There could be an element of truth behind recent rumors that the Britbox streaming joint venture is experiencing some pre-launch trouble in paradise – with local telco BT reportedly attracted by the smell of blood to assist the BBC and ITV before things get messy on home soil. Of course, Britbox is already available in the US and Canada, while its UK debut is expected in the coming months.
It wouldn’t be the worst idea in the world, with BT facing the prospect of a Comcast-backed Sky to compete with in video, broadband and mobile, while offering little in the way of OTT video itself other than a pretty basic TV Everywhere offering – buoyed only by the operator’s strong positioning in live sports.
And of course, the three outfits – BT, the BBC, and ITV – have all previously collaborated on the UK’s free-to-air service YouView, which BT has standardized on for its BT TV service, as has another local telco TalkTalk. Telco partnerships are invaluable for OTT video launches, more so perhaps in Asia Pacific than anywhere else in the world, but with 5G network roll outs arriving soon in the UK, tacking something like Britbox to a package at a discounted rate would be a surefire method of boosting initial uptake.
One projection from the supposed fall out and subsequent involvement of BT, is that similar broadcaster-fronted initiatives across Europe could encounter similar circumstances, and in turn be forced to buddy up with operators such as Netflix and operator superpowers like Sky and Vodafone as they grow yet more powerful across the continent.
But still, this doesn’t solve the reported fall out between the BBC and ITV regarding investments. Figures have not been given out by the Sunday Telegraph which published the report this week, although presumably BT is prepared to match what the BBC has currently fronted and in doing so allows ITV to lower its purported investment which apparently sparked the disagreement.
Two weeks ago, it was reported that the BBC and ITV were engaged in a quibble over funding, with the BBC failing to match ITV’s pledge of approximately $82 million by 2020, according to the Financial Times, claiming the BBC is preoccupied with its iPlayer streaming service. Let’s say for argument’s sake that the three parties agree on fronting $60 million each by 2020, so as to appease the BBC’s money worries and keep ITV happy without reducing the overall funding pot. That $180 million over two years could be wisely invested in content considering one of the BBC’s most successful exports to date – Planet Earth – cost $25 million to produce over five years. The BBC is reported to spend about $6.1 billion annually on content, according to the Huffington Post.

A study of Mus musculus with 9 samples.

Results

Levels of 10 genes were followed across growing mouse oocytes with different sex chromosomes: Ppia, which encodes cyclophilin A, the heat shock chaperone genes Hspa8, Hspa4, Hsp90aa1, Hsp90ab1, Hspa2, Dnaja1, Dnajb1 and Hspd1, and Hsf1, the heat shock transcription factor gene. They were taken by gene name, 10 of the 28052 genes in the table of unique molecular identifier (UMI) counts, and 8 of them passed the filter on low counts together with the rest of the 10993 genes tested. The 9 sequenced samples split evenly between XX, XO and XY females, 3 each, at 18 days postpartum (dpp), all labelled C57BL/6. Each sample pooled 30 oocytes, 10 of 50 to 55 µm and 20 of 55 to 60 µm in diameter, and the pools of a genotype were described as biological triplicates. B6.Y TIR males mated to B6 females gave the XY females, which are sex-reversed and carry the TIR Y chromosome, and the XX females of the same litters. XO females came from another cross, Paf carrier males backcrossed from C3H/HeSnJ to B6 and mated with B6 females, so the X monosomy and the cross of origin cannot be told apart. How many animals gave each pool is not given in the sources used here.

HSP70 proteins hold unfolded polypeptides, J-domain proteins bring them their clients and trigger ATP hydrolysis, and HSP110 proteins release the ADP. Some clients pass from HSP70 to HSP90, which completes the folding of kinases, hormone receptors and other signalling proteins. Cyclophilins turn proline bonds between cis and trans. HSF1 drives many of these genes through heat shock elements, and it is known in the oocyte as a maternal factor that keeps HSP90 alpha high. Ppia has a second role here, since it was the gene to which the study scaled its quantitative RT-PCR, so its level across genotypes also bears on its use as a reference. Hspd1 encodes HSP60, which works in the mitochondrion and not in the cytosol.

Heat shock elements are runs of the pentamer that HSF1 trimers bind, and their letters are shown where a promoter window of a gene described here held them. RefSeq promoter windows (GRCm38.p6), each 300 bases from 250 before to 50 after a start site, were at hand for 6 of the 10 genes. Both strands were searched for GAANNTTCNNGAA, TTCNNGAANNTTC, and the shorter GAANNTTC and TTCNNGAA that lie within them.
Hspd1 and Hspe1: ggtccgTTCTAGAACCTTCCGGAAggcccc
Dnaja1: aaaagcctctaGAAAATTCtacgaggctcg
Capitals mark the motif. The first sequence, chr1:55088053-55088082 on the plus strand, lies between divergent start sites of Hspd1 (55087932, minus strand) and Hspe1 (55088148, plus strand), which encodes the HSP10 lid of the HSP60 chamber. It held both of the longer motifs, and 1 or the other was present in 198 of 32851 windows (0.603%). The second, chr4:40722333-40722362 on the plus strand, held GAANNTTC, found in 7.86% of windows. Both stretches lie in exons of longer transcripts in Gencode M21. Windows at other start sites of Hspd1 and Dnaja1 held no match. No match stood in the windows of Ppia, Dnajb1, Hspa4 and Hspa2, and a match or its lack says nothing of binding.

However, the BBC recently signed a deal granting Discovery exclusive streaming rights for existing BBC documentary series including Blue Planet, Planet Earth and Life, as well as collaborative efforts to produce new content for broadcast on the BBC – so a two-way agreement of sorts although no money appears to be going in the other direction. This 10-year deal was valued at $390 million, far exceeding anything the BBC has cashed in for its content in the past, so perhaps its stubbornness to reinvest in Britbox is a bit rich.
Britbox could launch as soon as July according to some reports, pushed back from an earlier proposed Q2 launch and in danger of being delayed until much later this year. Britbox is expected to cost £5 a month.
Ironically, for all the talks the BBC and ITV have engaged in before, Britbox has been the most likely to slide with regulators which have begun to appreciate how the tremendous uptake of SVoD services could decimate indigenous TV companies. The irony is that the BBC and ITV could derail the whole project themselves without regulatory intervention.